The Age of Water Bottles

Chemicals that interfere with the body’s regular hormonal messaging system are found to have their way in the food or drinks stored in reused plastic containers nowadays. Those water bottles which are found to be hanging in nearly everyone’s backpack nowadays are proved to be poisonous when reused, used for heating or freezing or left in the car for a few days. The bottles can contain trace amounts of a chemical known as Bisphenol A(BPA).
BPA is the chemical substantially used for hardening or making the plastic bottle unbreakable for reuse and heating purposes. It is used to provide strength to plastic to stand against the fluid pressure on its walls thus making it robust.

Ill effects of BPA:

Poisoning effect of reusing plastic bottles: CARCINOGENIC!
The plastic called polyethylene terephthalate commonly known as PET used in reusable bottles proves to be the home of a potential carcinogen called diethylhydroxylamine or DEHA. Not only are dioxins released if the plastic is heated or cooled, but plastic provides a good breeding ground for bacteria, it can kill you. Thus the bottles prove to be safe only when used once and for subsequent uses, we need to compromise with gulping up the carcinogen DEHA. If you wish to keep them for longer, then you might extend for another week but using it for longer than this might be a task risking your life. With the approval of using the bottle for a few days, some more warnings head up.
Do not heat the bottles: heating is supposed to release or leach the chemicals into the food or drinks we take. The concern is that bacteria can thrive in warm, moist environments, and once opened, bacteria can grow in virtually any beverage container under the right conditions.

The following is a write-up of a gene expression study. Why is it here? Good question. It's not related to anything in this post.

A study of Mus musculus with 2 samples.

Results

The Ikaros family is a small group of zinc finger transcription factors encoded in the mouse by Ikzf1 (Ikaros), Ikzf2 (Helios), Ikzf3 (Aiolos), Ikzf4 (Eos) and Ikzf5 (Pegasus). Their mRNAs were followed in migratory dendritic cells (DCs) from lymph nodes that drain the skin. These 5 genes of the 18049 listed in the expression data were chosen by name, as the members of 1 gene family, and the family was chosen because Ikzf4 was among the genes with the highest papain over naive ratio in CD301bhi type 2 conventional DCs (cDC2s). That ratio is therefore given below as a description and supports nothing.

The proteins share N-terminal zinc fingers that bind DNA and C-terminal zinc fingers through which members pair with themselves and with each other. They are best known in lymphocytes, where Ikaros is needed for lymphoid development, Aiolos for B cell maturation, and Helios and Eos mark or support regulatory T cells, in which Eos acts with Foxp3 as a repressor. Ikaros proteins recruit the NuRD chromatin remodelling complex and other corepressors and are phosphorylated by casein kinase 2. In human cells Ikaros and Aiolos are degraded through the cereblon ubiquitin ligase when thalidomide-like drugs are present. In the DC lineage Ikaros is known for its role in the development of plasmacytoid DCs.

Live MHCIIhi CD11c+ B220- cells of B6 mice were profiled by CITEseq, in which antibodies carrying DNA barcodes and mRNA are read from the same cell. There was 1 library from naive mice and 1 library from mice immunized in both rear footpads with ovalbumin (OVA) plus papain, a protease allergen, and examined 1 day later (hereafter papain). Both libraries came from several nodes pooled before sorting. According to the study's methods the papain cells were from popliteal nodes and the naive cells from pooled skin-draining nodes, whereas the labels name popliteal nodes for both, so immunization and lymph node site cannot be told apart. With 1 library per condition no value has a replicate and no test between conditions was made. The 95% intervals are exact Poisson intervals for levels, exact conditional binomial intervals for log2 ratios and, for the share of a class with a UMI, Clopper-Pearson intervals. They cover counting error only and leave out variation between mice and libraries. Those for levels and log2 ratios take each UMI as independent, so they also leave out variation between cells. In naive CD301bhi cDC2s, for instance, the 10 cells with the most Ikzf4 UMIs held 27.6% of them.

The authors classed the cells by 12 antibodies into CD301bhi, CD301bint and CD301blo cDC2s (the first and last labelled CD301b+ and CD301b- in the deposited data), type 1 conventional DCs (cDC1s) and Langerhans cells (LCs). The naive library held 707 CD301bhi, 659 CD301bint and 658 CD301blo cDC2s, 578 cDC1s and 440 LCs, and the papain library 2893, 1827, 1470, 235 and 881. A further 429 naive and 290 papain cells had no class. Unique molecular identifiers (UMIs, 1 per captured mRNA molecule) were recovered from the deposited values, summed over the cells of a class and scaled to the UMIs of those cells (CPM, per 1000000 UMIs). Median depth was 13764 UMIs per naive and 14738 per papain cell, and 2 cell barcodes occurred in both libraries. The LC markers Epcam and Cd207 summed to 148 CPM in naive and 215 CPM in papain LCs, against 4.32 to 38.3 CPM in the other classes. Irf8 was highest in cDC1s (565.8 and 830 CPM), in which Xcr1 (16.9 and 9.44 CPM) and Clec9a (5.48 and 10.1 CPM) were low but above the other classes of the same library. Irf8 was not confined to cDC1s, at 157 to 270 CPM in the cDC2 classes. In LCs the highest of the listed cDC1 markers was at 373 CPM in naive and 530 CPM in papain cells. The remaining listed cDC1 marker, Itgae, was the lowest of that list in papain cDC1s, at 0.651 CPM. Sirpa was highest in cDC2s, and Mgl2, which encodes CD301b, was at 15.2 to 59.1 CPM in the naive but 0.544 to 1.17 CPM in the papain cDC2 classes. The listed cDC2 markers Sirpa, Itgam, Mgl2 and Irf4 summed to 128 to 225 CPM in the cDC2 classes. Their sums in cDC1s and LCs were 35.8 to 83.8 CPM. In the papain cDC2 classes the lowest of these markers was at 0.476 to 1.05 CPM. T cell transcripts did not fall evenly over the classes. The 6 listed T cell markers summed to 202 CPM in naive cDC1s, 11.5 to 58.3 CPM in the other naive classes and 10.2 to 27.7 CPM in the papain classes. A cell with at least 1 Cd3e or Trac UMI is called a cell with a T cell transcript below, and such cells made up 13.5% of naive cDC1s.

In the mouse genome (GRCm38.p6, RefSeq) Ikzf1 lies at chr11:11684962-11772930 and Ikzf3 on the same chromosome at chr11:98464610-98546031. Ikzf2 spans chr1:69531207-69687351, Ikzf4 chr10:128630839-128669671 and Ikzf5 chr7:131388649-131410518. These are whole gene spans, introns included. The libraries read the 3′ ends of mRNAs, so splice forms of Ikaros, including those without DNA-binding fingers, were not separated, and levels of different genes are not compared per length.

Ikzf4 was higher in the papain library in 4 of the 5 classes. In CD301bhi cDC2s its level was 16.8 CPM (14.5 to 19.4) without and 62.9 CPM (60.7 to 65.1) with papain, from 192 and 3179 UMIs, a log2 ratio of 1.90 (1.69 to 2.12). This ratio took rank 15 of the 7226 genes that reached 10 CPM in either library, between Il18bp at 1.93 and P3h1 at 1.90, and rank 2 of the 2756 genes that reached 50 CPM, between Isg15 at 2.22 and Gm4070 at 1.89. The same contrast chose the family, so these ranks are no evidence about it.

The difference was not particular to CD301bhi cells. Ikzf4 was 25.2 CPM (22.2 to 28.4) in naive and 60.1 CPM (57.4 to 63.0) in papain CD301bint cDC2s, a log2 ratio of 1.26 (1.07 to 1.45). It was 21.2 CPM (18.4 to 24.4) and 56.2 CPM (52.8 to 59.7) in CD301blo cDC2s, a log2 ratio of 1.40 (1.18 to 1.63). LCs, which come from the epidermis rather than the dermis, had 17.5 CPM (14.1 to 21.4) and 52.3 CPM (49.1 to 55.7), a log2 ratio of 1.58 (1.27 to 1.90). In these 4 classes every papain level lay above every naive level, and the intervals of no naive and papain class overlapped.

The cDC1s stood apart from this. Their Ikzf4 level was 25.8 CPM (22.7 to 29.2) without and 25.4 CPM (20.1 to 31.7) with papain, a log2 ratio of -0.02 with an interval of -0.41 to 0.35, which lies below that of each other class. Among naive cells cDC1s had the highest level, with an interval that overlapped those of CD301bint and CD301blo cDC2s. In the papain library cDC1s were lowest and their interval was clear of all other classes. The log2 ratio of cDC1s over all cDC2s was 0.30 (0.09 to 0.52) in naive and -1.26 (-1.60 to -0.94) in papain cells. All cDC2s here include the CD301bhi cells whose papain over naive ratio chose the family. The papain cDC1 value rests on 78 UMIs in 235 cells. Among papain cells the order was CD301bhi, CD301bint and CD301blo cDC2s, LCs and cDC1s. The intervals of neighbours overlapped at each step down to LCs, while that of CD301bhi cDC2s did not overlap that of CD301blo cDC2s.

• Clean the mess in your car! Never leave plastic bottles in your car.
• Do not freeze drinks in these plastic bottles.
• Think before you microwave food in these plastic containers: Don’t microwave food in plastic containers. High temperatures cause more chemicals to leak into your food than storing it in the cool fridge
• Do not repeatedly wash or rinse these bottles: The same studies found that repeated re-use of such bottles—which get dinged up through normal wear and tear and while being washed—increases the chance that chemicals will leak out of the tiny cracks and crevices that develop over time

You can tell by looking underneath the bottle at the little triangle if it has #1 in it, that means you should only use it once and dispose! If it has like #2 or #3, that means you can use it over and over again.
Reusing bottles may lead to the bacterial transfer because of multiple uses and uses. Mouth contact can lead to easily develop bacteria on the bottle openings and thus the drinking water gets to breed bacteria successfully. Contamination will thus cause bacterial and fungal growth in the water while kept for storage. Thus cleaning the bottle before use might prove to be a bit helpful in dropping the risk
Reuse or simply litter?
Since we are guided not to reuse plastic bottles, PET in particular, so the last option left with us is to throw these bottles as trash and increase the landfill with these plastic bottles. The non-profit Berkeley Ecology Centre found that the manufacture of plastic #1 uses large amounts of energy and resources and generates toxic emissions and pollutants that contribute to global warming. Although we have heard of the 3R principle which basically aims at recycling and reusing, one is in a confused state of whether to look after the environment or one’s own health.

Safe Reusable Bottles Do Exist
Safer choices include bottles crafted from safer high density polyethylene HDPE (plastic #2), low-density polyethylene (LDPE, also known as plastic #4) or polypropylene (PP, or plastic #5). Aluminium bottles, such as those made by SIGG and sold in many natural food and natural product markets, and stainless steel water bottles are also safe choices and can be reused repeatedly and eventually recycled. The SIGG Company has been making metal water bottles with a soft, chemical-safe plastic lining for many years.
Thus it is better to invest in water bottles, safer ones, metal/glass ones and protective ones. It is for the water we drink to stay alive, the CLEAN water that we should drink to not just stay alive but stay healthy. Thus replace your bottles today, or clean the recent ones thoroughly.